A federal appeals court ruled Wednesday that Attorney General John D. Ashcroft far exceeded his authority by interfering with Oregon's law on physician-assisted suicide.
The U.S. Court of Appeals for the 9th Circuit in San Francisco said that Ashcroft's order to the Drug Enforcement Administration to pursue and possibly revoke the licenses of physicians who prescribe lethal prescriptions "may not be enforced" because it goes against the will of Congress and contradicts federal law.
Ashcroft's 2001 order, even though it has been enjoined from enforcement pending appeal, caused a widespread "chilling effect" on the willingness of Oregon physicians to consult with or prescribe lethal drugs to patients seeking to die, said George Eighmey, executive director of Oregon-based Compassion in Dying.
"They told me they didn't want Ashcroft coming after them," Eighmey said. He said that in the past year, 142 people asked to start the process of assisted suicide, but only 42 went through with it.
Oregon's law is unique in the nation. The Bush administration has argued that "assisted suicide is not medicine." An assistant attorney general, Robert McCallum, said last year that a "caring society" should help the terminally ill cope with their problems, "not abandon or assist in killing them."
Justice Department spokesman Charles Miller said Wednesday that "we are reviewing the court's decision, and no determination has been made as to what the government's next step will be."
In his opinion for the 2 to 1 majority, Judge Richard Tallman concluded: "The Attorney General's unilateral attempt to regulate general medical practices historically entrusted to state lawmakers interferes with the democratic debate about physician assisted suicide and far exceeds the scope of his authority."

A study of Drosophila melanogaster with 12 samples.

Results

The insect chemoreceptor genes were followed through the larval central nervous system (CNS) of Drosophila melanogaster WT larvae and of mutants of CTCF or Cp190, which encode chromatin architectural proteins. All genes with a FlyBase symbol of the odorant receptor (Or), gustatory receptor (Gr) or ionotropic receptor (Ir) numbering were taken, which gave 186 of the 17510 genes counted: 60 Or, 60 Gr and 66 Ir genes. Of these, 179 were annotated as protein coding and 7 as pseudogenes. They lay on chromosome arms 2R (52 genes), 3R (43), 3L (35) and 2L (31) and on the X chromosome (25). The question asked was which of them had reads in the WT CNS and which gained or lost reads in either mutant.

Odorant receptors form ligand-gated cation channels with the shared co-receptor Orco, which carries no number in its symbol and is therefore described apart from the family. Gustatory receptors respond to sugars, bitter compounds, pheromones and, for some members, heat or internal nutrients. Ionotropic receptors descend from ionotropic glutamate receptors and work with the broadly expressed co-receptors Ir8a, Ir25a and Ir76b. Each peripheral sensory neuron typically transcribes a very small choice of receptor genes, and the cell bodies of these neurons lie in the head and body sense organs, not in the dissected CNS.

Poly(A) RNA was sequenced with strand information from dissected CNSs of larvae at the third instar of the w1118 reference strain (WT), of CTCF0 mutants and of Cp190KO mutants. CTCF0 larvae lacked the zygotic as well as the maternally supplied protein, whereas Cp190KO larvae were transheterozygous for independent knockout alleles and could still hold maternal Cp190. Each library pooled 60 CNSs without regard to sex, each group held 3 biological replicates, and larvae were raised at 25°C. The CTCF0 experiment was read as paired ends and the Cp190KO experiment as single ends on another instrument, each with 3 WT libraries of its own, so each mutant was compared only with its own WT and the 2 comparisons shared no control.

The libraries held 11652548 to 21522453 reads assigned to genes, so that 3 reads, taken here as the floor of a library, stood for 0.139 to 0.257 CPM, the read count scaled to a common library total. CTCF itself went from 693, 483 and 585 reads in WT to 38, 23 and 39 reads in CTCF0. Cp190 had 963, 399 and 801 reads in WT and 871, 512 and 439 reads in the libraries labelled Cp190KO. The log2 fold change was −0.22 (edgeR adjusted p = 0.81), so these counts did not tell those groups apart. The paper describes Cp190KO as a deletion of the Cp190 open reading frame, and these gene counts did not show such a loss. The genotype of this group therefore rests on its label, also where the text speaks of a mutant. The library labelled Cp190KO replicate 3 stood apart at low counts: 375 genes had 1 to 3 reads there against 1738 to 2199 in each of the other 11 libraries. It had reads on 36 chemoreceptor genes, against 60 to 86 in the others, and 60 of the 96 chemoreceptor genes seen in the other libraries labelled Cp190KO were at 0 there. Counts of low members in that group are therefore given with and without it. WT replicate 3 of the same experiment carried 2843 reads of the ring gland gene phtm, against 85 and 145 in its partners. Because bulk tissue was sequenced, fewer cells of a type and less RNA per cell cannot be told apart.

Tallman said the court -- often described as the most liberal appeals panel in the country -- was expressing no opinion on whether physician-assisted suicide "is inconsistent with the public interest or constitutes illegitimate medical care. This case is simply about who gets to decide."
The court found that Ashcroft has no such right.
It added "that the Attorney General has no specialized expertise in the field of medicine" and that he "imposes a sweeping and unpersuasive interpretation" of the Controlled Substances Act, which "directly conflicts with that of his predecessor," Attorney General Janet Reno.
In his dissent, Judge J. Clifford Wallace argued that Ashcroft's order neither exceeds his authority under the Controlled Substances Act nor challenges the will of Congress and should, therefore, be given "substantial deference."
Wednesday's ruling follows a stinging rebuke of Ashcroft delivered in 2002 by a federal judge in Portland, Ore. There, U.S. District Judge Robert Jones, noting that the people of the state have twice voted in favor of the suicide law, said that Ashcroft was trying to "stifle an ongoing, earnest and profound debate."
Oregon voters first approved the Death With Dignity Act in 1994, and then, after a failed legal challenge, approved it again in 1997.
In the first six years of the law, through 2003, 171 people died of legal lethal prescriptions, according to Compassion in Dying, which provides assistance to Oregon residents who want to find doctors who will prescribe lethal prescriptions. The group said that this figure represents about one-tenth of 1 percent of the people who died the state during the period.
About 550 physicians in Oregon have worked with patients seeking to die, either as consultants or by prescribing lethal prescriptions, Eighmey said.
He said he talked with 12 doctors in the past year who were afraid to be involved in any aspect of physician-assisted suicide for fear of losing their license.